Searchable Databases


Date story published: Wednesday, November 29, 1995

AUBURN HILLS, Mich. -- For a second straight game, Kentucky fell far behind in the early going. Unlike the opener against Maryland, the Cats did not roar from behind to win.

It wasn't for lack of trying that Kentucky lost 92-82 to Massachusetts. The Cats erased a 19-point deficit by halftime and seemed poised to take control.

Well, maybe poised is the wrong word. The Cats stubbed their toes -- as reflected by 23 turnovers -- while pressuring relentlessly.

"You can't press and scratch and claw, then turn it over 23 times yourself," UK Coach Rick Pitino said. "You might as well not press at all."

A lesser team than No. 5 UMass might have caved in. But the Minutemen fought off repeated charges to win their opener.

"I don't believe in my eight years one of my teams has been rattled like they were in this game," UMass Coach John Calipari said. "It was their refusal to lose attitude. (Kentucky) made their runs. We answered. We showed our competitiveness."

UK fell to 1-1, and as Pitino predicted would happen quickly, probably lost its No. 1 ranking.

Tony Delk led UK with 21 points. Walter McCarty chipped in 17.

UMass All-America candidate Marcus Camby was a tower of strength. He equaled his career high of 32 points, grabbed nine rebounds, blocked five shots and was an intimidating presence throughout the game.

"A great player played a great game," Pitino said of Camby.

Kentucky was happy to be tied at 45 with UMass at halftime. Probably, the Cats would have been satisfied to be behind by 10 at the break. Being even seemed like a comfortable cushion.

What Pitino feared became reality. As in Friday's opener against Maryland, the Cats fell behind by double digits in the early going. UK rallied to beat Maryland, but Pitino figured UMass would be more difficult to come back against because the Minutemen play a more deliberate style.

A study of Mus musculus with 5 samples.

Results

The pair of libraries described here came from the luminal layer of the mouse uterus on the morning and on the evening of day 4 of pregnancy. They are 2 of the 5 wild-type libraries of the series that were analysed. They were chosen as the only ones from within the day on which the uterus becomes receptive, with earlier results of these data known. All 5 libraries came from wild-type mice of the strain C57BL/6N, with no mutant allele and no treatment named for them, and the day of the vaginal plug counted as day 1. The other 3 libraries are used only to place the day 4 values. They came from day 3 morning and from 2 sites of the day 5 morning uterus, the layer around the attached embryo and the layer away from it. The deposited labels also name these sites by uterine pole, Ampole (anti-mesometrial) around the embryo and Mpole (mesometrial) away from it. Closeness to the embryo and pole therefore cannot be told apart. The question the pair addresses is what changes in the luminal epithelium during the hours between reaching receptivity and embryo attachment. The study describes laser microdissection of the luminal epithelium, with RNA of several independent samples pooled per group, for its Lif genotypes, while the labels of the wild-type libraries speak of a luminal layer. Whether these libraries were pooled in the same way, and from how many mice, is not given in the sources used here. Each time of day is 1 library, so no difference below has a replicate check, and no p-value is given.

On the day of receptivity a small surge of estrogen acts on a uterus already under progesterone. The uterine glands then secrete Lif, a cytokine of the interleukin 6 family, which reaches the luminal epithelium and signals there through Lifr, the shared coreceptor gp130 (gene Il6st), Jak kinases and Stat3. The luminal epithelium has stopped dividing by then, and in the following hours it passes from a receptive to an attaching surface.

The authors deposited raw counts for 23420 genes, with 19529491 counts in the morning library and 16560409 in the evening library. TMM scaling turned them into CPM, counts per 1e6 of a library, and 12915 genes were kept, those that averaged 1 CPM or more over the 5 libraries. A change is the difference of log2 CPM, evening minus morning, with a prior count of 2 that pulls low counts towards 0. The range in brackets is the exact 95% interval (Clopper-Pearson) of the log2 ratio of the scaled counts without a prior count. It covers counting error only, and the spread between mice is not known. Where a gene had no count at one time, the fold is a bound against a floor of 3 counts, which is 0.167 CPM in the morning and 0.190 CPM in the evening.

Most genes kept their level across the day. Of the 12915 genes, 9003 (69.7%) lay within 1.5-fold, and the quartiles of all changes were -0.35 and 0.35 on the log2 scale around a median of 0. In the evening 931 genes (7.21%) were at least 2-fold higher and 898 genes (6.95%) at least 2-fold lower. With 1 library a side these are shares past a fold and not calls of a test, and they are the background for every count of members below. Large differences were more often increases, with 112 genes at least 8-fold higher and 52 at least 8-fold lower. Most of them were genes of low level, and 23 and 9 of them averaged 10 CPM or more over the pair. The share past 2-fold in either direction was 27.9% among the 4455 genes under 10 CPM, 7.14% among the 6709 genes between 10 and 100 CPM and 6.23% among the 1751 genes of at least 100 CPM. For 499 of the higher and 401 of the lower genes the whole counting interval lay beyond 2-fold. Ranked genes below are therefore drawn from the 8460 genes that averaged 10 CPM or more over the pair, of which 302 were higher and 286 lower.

The game could hardly have started more poorly for Kentucky. The Cats trailed by 10 points less than five minutes into the game, by 16 at the 12:18 mark and ultimately by 19 with 10:10 left before halftime.

Maybe worse was how Kentucky fell behind. UMass showed its advertised talent for offensive rebounding immediately. The Minutemen gabbed three in the first two minutes.

For the second straight game, UK's opponent seemed quicker and more decisive.

Mark Pope, the hero of the Maryland victory, made only two of six free throws. He went nine-for-nine from the line against the Terps.

Foul trouble hurt UK. Derek Anderson departed with two fouls at the 16:43 mark of the first half and finished the game without a single field-goal attempt.

Pope picked up two fouls at the 14:07 mark.

Camby, meanwhile, scored 16 first-half points.

Kentucky had only one basket until Antoine Walker tipped in a miss with 12:58 to go.

When the deficit reached its zenith (29-10), Walker tried to inspire his teammates in a huddle before Camby made two free throws.

Walker did not immediately turn his exhortation into positive action. Eleven seconds later, he charged wildly on a post move.

Before the next inbounds, Pitino could be heard confirming the apparent Kentucky confusion. "Ton, what play is that? That wasn't 'four',' the UK coach said to Tony Delk.

Three-point shooting, full-court pressing and depth brought Kentucky back. Suddenly, UMass lost its sync, and UK got it in gear.

Kentucky's first sign of hope came when UMass guard Edgar Padilla rushed an improbable 25-foot three-point attempt. UK rushed down for a basket: Wayne Turner put back Walker's missed fast-break layup. The Cats trailed 31-20.

Kentucky's final push game in the final five minutes of the first half. Trailing 39-27, McCarty sparked an 18-6 run into intermission. He one-handed Delk's missed leaner and rammed it through.

A Delk three-pointer reduced the deficit to 43-41 with 2:08 left.

A successful last-second play to end the half further signaled hope. Walker hit a leaner in the lane with three seconds left to tie it at 45.

Kentucky failed to seize the initiative at the start of the second half.

Camby stole the first Cat pass over mid-court and soared for a dunk.

Thanks to a technical against Pitino, UMass widened its lead to double digits at the 17:31 mark.

Padilla made both free throws. UMass got three more points on the possession when Dana Dingle drove for a three-point play.

UMass repelled repeated Kentucky threats. After a Delk three-pointer cut the deficit to 64-62, UK got two chances to take its first lead. Delk and Epps missed three-point shots.

Trailing 70-68, UK muffed a chance to tie it when Epps overthrew a lob for an open McCarty.

Camby was immense the next time the Cats got within two. His heavily contested turnaround pushed UMass ahead 78-74 with 3:13 left. Then he made two free throws after being fouled while rebounding a UK miss.